12/11/2017 12:34 SAST | Updated 12/11/2017 12:34 SAST

A Cup Of Rooibos A Day May Help Your Heart, And Libido Too

So go on, have a cup.

Rooibos tea.

Rooibos tea is packed with antioxidants that help in the fight against a number of diseases -- and it turns out a cup a day could be especially good for your heart, and do wonders for your libido too.

"Rooibos tea is known as a bronchodilator -- which not only relieves respiratory conditions, but also reduces high blood pressure. It helps blood vessels to relax and widen, making it easier for blood to flow through," said Dr Dawie van Velden, a medical doctor with a special interest in intergrative medicine.

Speaking to HuffPost SA, van Velden explained that when blood vessels constrict, blood pressure increases, putting you at a greater risk of a heart attack or a stroke.

The heart, however, is not the only area affected by blood constriction. Your sexual health too.

Healthy blood circulation is critical for optimal sexual health -- it helps maintain erections in men, and increases the sensation and lubrication in women as a response to sexual arousal. In comes antioxidants - which allow for the healthy functioning of vital blood vessels.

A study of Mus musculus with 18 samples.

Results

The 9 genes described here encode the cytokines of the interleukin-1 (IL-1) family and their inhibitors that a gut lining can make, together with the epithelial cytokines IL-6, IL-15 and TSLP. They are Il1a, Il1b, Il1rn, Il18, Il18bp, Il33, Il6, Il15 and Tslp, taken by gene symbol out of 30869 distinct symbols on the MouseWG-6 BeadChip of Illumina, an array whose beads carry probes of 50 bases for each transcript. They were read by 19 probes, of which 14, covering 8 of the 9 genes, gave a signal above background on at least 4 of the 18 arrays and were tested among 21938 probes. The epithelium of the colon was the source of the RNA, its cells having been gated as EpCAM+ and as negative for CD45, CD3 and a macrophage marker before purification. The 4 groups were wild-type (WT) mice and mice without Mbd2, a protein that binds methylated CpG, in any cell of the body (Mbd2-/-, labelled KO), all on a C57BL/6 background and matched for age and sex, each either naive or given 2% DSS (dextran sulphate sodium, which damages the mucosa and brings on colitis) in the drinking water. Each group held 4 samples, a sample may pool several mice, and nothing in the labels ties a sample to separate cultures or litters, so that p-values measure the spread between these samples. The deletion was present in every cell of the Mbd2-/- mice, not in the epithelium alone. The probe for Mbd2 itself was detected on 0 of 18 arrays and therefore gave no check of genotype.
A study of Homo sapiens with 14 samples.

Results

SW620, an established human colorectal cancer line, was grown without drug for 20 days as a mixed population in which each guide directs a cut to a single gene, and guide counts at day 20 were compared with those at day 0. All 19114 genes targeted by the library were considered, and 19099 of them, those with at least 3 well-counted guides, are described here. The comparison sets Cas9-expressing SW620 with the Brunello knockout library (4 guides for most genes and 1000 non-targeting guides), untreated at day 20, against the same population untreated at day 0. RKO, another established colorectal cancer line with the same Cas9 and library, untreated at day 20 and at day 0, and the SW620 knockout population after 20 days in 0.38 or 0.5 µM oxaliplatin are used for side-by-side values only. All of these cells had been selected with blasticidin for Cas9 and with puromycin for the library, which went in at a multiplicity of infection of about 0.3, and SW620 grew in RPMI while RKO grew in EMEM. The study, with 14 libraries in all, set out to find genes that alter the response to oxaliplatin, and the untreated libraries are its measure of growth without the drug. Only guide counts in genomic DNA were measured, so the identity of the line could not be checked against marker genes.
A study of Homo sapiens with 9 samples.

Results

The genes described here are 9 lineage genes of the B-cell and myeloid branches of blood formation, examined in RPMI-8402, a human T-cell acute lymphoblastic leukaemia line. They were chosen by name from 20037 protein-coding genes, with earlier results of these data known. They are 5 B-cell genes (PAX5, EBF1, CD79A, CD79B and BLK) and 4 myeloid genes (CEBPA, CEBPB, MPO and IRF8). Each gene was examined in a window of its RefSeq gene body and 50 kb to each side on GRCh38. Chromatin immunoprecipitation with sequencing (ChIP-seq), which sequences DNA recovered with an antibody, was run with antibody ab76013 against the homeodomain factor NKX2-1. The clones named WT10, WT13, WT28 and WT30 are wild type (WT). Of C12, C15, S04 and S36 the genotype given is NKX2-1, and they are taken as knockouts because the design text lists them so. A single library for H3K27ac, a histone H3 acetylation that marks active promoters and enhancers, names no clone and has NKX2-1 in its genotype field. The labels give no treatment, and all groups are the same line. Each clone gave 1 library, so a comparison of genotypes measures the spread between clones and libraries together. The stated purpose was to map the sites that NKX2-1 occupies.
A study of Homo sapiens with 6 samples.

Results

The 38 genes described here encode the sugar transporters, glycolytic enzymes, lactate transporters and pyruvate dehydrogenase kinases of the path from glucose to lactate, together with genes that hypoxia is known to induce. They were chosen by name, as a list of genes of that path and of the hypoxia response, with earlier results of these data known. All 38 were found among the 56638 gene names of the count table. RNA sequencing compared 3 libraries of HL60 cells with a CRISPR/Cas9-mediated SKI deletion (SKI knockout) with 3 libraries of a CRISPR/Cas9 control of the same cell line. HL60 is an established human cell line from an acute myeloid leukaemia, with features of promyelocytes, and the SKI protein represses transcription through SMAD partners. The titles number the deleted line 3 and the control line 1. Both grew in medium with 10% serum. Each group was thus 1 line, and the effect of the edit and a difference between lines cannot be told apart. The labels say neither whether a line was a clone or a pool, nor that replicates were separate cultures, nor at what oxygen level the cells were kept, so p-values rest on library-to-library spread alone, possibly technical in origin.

Good blood flow to the brain also ensures a healthy flow of hormone signals back and forth from the brain to genitals, explained sexologist Christa Coetzee.

This makes rooibos tea a steady contender for well-known libido jump-starters like red wine, strawberries and oysters.

READ: Hit A Slump In The Bedroom? Try Red Wine And Strawberries

So go on have a cup, it may help your heart and bedroom issues too.

Just remember to "make it a daily health choice alongside your five or six portions a day of fruit and vegetables," said van Velden, so it becomes "a total, healthy lifestyle approach."

The doctor also cautioned against abandoning conventional treatment because of the tea's benefits. "I am not saying that [one should stop conventional treatment], but integrative medicine can definitely sit side-by-side with mainstream medicine."